Rising commodity costs have become a concern for many firms including PepsiCo and The Coca-Cola Co

Rising commodity costs have become a concern for many firms including PepsiCo and The Coca-Cola Co

PepsiCo and The Coca-Cola Co have confirmed to just-drinks that they will increase soft drink prices in the US in the second half of the year.

Earlier this week, PepsiCo told Beverage Digest that it plans to raise drinks prices in the country by an average of 3% to 5% between mid-July and Labor Day on 5 September. Likewise, in April, Coca-Cola informed investors on its first-quarter earnings call that it will raise prices 3% to 4% during the second half of the year, for a total increase of 2% to 3% for the full year.

A spokesperson for PepsiCo confirmed the pricing plans to just-drinks yesterday (14 June), but declined to comment further, "for competitive reasons". The increase will put PepsiCo's prices 5% to 7% higher than they were a year ago by the end of the summer.

Rising raw materials costs are a major concern for many soft drinks companies in 2011, with both PepsiCo and Coca-Cola having warned of increases at a global level.

Both firms plan to get the pricing boost from a mix of raising prices, fewer deals and shifting the mix of products sold to higher-priced items, as they look to offset the increasing costs of ingredients, Beverage Digest reported.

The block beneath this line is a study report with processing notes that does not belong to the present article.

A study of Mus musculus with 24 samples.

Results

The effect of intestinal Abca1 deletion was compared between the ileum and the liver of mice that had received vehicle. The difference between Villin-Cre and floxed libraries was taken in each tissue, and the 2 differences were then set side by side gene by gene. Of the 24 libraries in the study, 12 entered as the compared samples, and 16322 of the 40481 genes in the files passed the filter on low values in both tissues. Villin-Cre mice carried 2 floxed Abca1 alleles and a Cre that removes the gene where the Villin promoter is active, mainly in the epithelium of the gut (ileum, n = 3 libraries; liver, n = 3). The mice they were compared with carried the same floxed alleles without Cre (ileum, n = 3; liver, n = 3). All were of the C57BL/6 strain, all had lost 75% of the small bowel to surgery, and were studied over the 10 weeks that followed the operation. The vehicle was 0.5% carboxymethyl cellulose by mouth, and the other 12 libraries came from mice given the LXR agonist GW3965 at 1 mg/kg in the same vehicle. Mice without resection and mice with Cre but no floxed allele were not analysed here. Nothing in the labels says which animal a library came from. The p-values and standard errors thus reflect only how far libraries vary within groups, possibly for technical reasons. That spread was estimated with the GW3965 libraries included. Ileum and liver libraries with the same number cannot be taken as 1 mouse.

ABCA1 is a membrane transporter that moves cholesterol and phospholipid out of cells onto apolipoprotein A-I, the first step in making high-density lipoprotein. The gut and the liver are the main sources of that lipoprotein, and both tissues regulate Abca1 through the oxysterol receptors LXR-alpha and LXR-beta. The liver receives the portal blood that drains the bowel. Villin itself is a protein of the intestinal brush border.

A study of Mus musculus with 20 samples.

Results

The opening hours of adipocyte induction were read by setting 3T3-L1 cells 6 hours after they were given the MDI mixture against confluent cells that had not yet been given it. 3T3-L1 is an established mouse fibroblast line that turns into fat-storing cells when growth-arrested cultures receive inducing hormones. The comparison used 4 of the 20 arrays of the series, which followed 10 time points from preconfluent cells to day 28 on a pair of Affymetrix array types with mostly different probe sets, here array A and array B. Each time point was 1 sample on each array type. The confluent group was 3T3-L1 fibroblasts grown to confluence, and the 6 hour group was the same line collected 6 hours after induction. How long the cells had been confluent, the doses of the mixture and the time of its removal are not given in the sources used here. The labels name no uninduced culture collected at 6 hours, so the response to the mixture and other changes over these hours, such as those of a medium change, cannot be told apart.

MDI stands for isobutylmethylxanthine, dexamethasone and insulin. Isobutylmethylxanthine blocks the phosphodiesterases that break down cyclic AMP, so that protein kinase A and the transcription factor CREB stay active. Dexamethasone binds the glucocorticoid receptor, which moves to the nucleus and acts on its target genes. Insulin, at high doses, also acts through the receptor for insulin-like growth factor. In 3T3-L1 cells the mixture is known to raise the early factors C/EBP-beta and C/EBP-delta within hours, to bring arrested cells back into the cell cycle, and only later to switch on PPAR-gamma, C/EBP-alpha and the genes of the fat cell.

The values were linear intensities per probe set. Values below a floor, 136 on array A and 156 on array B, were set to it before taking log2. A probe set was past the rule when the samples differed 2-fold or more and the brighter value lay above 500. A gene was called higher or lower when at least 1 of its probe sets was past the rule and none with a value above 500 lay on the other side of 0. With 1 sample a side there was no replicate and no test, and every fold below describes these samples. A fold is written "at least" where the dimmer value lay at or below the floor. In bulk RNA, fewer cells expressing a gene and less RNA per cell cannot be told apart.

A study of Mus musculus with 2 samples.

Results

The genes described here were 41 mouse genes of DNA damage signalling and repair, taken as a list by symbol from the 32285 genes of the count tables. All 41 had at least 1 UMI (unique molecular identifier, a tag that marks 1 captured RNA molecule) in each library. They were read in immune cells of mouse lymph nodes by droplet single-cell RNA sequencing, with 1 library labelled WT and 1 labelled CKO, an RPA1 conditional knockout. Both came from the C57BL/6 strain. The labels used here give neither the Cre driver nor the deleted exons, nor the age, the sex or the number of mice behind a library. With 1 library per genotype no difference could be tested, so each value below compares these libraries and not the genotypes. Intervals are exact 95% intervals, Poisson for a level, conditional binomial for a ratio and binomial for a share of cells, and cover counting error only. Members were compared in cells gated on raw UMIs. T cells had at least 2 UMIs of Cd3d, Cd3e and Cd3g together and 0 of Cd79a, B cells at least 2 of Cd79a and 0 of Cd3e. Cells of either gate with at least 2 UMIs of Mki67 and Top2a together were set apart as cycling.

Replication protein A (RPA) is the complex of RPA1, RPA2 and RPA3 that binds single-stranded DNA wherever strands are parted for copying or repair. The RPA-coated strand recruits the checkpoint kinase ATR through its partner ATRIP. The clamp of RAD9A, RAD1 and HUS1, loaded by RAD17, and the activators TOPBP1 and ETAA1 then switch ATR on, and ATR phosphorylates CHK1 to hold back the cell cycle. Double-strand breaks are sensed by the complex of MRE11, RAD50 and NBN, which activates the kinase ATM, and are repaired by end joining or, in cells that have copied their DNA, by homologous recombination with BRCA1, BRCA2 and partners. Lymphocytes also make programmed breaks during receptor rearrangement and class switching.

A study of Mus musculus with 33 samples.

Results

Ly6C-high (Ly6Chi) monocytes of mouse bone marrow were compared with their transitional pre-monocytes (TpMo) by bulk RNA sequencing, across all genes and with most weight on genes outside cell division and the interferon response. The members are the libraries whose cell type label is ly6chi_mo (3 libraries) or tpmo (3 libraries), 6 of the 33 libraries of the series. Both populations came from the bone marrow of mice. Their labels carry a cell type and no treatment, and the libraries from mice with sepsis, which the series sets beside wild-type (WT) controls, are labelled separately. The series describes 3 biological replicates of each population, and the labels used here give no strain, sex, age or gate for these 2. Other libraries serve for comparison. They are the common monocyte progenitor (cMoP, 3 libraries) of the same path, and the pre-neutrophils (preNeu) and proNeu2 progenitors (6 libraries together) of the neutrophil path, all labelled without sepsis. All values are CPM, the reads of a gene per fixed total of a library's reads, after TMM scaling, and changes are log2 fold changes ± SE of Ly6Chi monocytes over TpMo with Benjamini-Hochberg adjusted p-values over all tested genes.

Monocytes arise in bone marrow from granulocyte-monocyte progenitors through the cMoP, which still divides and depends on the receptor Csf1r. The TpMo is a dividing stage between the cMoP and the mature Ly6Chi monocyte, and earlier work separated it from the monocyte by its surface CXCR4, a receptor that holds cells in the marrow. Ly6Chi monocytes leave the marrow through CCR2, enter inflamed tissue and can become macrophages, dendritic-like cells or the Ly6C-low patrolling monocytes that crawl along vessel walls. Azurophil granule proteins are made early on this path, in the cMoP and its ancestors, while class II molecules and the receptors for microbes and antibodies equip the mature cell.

On Coca-Cola's first-quarter earnings call in April, CEO Muhtar Kent told analysts that the company will be looking at "every opportunity in North America to see if we can generate a higher price than the overall 1% to 2% and more like, maybe, 3% to 4%, as we look into the balance of the year".

Kent said the company was confident that its brand strength would allow it to generate the higher price increases.

Coca-Cola's CFO, Gary Fayard, reiterated this on the same conference call. "We're now saying that we're going to probably be going for more pricing than that this year, and a lot of that is just strictly the environment that we're in," he said.

Earlier this month, Coca-Cola closed one of its distribution and sales centres in the US as a result of "the pricing environment ... and the high cost of commodities".